Get Rid of Furry Garden Pests

They’re lovable. They’re huggable. They just made a feast out of your cabbage patch. Shooing these furry guests away from your garden can be tough, but these tips may help keep your yard critter free.

The last thing you need is some furry creature munching on the garden you worked so hard to create. Here are some strategies for making destructive four-legged visitors unwelcome in your yard.

No Groundhog Day in Your Yard

A groundhog (woodchuck) has taken up residence and the pest control company wants a couple hundred dollars to remove him. What the pest control company won’t tell you is that it’s easy to stink a groundhog out of his home—for zero cost. Each day when you scoop out the cat boxes in your house, dump that foul-smelling debris down Mr. Groundhog’s hole instead of throwing it into the trash can. After a few days of this treatment, the groundhog will pack up and move. Once he’s gone, pour rocks into all of the entrances to the burrow so no other animals will decide to move in.

Keep Bambi Out

Yes, they are cute but a family of deer can wreck havoc on your yard. What to do? Put the shotguns away. Save your money by saying no to high-tech gadgets like strobe lights and noisemakers, expensive repellents, and tall, ugly fences. Instead, arm yourself with eggs. Deer hate the taste and smell of raw eggs, which is why many popular commercial repellents feature stinky egg solids as the main ingredient.

Deer Repellent Recipe:

  1. Crack half a dozen eggs into 2 quarts (2 litres) water.
  2. Mix well, until all the yolks are broken and blended with the water.
  3. Sprinkle the raw-egg mixture on the leaves of the plants you want to protect.
  4. The mixture should remain effective until the next rain. Reapply after that.

Other odours that deer don’t like:

  • Try hanging cheesecloth bags of stinky socks, deodorant soap, or human hair in the garden.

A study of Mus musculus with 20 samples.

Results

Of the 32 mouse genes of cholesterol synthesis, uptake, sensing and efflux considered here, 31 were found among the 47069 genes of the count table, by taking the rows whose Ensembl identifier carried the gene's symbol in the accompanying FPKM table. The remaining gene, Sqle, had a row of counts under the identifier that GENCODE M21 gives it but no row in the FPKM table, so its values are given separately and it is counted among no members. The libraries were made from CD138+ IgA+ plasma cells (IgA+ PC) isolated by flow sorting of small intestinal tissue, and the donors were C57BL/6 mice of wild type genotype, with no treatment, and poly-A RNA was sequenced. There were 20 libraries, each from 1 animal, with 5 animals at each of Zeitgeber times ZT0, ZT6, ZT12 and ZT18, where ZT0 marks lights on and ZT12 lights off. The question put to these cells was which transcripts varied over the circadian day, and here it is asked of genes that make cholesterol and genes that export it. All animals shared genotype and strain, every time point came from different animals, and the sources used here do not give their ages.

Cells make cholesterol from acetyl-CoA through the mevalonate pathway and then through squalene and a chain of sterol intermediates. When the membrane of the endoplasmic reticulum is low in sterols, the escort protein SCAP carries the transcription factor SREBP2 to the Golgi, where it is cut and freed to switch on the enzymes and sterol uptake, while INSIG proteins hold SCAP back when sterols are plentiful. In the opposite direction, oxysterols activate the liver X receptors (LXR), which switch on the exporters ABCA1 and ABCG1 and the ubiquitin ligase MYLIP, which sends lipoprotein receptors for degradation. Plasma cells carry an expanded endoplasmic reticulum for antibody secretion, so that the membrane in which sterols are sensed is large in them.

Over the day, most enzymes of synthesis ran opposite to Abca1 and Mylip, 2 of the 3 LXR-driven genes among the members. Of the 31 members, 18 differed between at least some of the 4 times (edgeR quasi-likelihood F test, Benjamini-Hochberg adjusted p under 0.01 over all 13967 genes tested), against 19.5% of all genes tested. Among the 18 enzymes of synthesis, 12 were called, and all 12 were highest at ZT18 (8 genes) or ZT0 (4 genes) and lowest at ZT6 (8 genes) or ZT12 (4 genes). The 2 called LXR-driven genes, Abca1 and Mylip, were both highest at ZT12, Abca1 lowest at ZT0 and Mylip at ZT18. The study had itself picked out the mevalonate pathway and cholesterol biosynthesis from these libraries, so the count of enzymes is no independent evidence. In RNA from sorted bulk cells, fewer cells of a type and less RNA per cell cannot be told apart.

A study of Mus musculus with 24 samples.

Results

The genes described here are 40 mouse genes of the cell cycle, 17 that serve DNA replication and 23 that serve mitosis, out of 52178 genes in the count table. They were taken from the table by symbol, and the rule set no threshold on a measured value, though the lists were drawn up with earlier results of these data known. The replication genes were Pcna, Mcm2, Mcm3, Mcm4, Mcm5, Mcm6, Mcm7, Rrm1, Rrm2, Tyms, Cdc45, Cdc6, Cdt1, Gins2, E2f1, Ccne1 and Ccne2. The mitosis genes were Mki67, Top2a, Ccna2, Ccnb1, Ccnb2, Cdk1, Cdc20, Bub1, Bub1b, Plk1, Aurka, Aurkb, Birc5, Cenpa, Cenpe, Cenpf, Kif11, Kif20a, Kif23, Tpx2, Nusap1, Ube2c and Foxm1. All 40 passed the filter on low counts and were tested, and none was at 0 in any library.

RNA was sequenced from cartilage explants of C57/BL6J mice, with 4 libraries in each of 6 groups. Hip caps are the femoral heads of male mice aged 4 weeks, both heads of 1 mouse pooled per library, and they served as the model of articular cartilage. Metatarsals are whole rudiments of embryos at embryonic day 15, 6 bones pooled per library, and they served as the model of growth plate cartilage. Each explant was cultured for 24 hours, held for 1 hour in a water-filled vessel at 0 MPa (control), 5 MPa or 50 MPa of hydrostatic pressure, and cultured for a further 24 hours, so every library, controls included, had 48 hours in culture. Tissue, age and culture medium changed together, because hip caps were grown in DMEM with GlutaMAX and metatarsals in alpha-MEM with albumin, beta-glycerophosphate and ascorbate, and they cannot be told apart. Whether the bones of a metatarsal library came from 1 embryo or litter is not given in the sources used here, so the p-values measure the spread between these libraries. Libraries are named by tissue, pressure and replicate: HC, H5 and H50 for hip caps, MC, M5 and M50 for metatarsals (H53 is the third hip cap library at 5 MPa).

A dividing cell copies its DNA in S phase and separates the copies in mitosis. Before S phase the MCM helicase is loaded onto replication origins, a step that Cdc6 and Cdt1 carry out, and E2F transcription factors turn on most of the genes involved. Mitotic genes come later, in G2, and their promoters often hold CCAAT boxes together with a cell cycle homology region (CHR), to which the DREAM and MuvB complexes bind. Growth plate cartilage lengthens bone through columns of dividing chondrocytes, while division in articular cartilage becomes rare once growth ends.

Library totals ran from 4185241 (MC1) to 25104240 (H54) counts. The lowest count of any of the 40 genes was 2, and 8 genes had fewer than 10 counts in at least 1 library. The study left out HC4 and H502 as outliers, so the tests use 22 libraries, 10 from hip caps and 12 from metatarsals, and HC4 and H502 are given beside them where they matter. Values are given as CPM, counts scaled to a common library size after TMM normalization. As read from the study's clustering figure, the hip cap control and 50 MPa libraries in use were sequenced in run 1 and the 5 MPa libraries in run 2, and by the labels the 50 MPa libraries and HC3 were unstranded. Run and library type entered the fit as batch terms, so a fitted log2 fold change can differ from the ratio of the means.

• Choose plants to keep deer away. Deer also don’t like to brush against certain aromatic plants. So try planting artemisia, lavender, and Russian sage as a natural fence line.
  • Plants deer dislike: begonias, cosmos, daffodils, foxgloves, irises, marigolds, peonies, snapdragons, and zinnias, along with shrubs and trees such as boxwood, holly, juniper, lilac, pine, and spruce.

Tell Thumper to Hit the Road

Numerous sprays and powders are sold to deter rabbits from the garden, but many of these are not safe for use on garden vegetables. A rabbit-proof fence is the best protection for your vegetable garden. Use chicken wire, and make sure the fence’s bottom is buried by at least 6 to 12 inches (15 to 30 cm), otherwise the rabbits will tunnel underneath it. The fence needs to extend at least 30 inches (76 cm) above the ground.

Try These Other Rabbit Deterrents:

  • Remove brush piles and other hiding places for rabbits. Clean up spilled birdseed from feeders.
  • Post realistic-looking rubber models of snakes or owls in the garden, or cut an old hose into snakelike lengths and coil them among your plants.
  • Hang dog hair in cheesecloth bags or distribute it among the plants to frighten away rabbits. Strong-smelling soaps are also said to deter rabbits.
  • You can buy coyote or fox urine to spread among plants, fooling rabbits into thinking a predator is nearby.
  • Remember, rabbits aren’t dumb. Eventually they will figure out they’re safe from each of these deterrents, so you’ll have to mix up.